Yes, flu deaths are increasing and as of Friday, the latest number sits at 332 statewide with seven of those cases in children. All are under the age of 65. The numbers remain the same for the Central Coast counties. State health managers continue to investigate 19 more deaths to see if they're flu related. At this time last year, Dr. Chapman with the Public Health Department says only 47 flu related deaths had been reported.
Darrell asked, "Dear Jon, of all the flu deaths this year, how many actually had the flu shot?"
We're getting weekly reports on this year's flu season from the state Department of Public Health. I've learned the reason why we don't typically hear about how many of the deaths actually had the flu shot, is because that data is harder to track. State health managers say one can get the flu shot in a lot of different locations such as your local pharmacy and not just at a doctor's office.
Update 2.19.14: I received this updated paragraph from the California Department of Public Health: "Of the influenza-related deaths reported to the California Department of Public Health to date, vaccination information is available on only 38 percent of cases. Of these, 16 percent were vaccinated with the 2013-2014 influenza vaccine and 84 percent were not vaccinated with the 2013-2014 influenza vaccine. The vaccination status of reported fatalities is under review on a regular basis as cases get reported to CDPH and our staff follows up with local health departments. The resulting percentages are subject to change."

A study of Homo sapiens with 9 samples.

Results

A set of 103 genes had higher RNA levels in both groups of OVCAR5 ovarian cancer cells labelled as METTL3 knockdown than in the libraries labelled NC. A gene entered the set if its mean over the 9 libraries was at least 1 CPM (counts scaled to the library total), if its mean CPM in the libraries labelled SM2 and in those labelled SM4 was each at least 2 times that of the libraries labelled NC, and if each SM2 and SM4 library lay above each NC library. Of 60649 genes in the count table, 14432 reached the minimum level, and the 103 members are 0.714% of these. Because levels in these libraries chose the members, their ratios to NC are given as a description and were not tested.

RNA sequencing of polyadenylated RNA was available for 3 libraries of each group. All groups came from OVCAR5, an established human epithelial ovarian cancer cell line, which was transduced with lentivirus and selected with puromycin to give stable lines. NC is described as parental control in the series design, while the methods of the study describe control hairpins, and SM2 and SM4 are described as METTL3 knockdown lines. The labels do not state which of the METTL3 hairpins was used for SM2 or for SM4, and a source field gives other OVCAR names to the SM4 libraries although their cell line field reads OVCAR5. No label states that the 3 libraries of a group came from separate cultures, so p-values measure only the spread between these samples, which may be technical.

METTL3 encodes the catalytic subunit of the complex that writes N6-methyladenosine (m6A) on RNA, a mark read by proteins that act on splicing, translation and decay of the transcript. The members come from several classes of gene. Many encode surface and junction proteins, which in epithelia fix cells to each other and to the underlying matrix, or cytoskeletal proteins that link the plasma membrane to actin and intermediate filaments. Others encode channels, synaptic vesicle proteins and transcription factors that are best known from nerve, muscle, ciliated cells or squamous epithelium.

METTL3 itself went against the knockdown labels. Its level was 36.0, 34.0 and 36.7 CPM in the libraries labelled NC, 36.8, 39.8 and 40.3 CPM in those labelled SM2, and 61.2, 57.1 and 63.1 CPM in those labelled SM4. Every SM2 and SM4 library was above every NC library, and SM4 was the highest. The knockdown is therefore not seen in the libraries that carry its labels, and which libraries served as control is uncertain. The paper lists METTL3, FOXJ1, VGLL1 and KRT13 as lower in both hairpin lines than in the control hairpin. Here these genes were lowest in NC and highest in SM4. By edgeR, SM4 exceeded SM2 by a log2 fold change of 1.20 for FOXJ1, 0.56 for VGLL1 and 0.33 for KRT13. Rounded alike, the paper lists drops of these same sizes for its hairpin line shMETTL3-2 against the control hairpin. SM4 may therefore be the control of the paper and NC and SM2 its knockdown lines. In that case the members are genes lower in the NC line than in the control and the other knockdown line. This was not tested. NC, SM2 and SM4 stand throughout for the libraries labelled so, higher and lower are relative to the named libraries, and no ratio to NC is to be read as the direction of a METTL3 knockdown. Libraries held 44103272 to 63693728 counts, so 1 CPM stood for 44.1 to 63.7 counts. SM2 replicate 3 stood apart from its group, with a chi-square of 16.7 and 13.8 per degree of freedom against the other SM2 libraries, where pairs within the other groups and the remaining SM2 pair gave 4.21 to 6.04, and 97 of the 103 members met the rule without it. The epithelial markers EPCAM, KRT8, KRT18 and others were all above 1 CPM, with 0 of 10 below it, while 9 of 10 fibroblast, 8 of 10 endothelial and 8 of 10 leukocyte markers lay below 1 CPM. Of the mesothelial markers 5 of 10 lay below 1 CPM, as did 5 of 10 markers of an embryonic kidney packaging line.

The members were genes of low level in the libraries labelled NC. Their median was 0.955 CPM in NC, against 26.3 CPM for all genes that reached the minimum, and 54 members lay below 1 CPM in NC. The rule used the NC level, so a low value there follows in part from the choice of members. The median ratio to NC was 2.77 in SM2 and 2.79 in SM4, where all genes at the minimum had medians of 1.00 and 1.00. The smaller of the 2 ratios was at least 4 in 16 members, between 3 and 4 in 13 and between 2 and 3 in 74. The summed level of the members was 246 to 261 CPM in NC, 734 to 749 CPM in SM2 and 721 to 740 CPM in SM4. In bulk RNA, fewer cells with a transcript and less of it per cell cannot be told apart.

So what can we take away from that?
Public Health doctors acknowledged that flu vaccine is not perfect. But the data they have confirms that getting the flu shot is better than if you don't get it.
We also know that 90 percent of those who have died were unhealthy to begin with. Just 10 percent were considered healthy people before they got the flu.
With this year's flu being widespread, health managers are encouraging everyone over the age of 6 months to get a flu shot. What they're finding is that those being vaccinated are more often children than adults. So they're encouraging adults to not wait to get a flu shot. There's still time, and the vaccine is available at your county health department.
There's been reports of a shortage of flu vaccine, and what we've found is that many doctor's offices had ordered vaccine for a normal flu season. And when the pandemic hit, their available vaccine was used up. But you can get a flu shot at your county Health Department; the state says there is plenty to go around.
The latest data from the state is that, of those dying from the flu, 66 percent are between the ages of 40 and 64. With that being the case it's no surprise the Health Department is encouraging adults to get the, flu shot.
As to where we are in the flu season, at this time health managers believe the worst could be over, but flu is unpredictable, so they're watching it closely.
Officially there have been 3 deaths reported in Santa Cruz county, 5 in Monterey county, 3 in Santa Barbara county and one in San Luis Obispo county.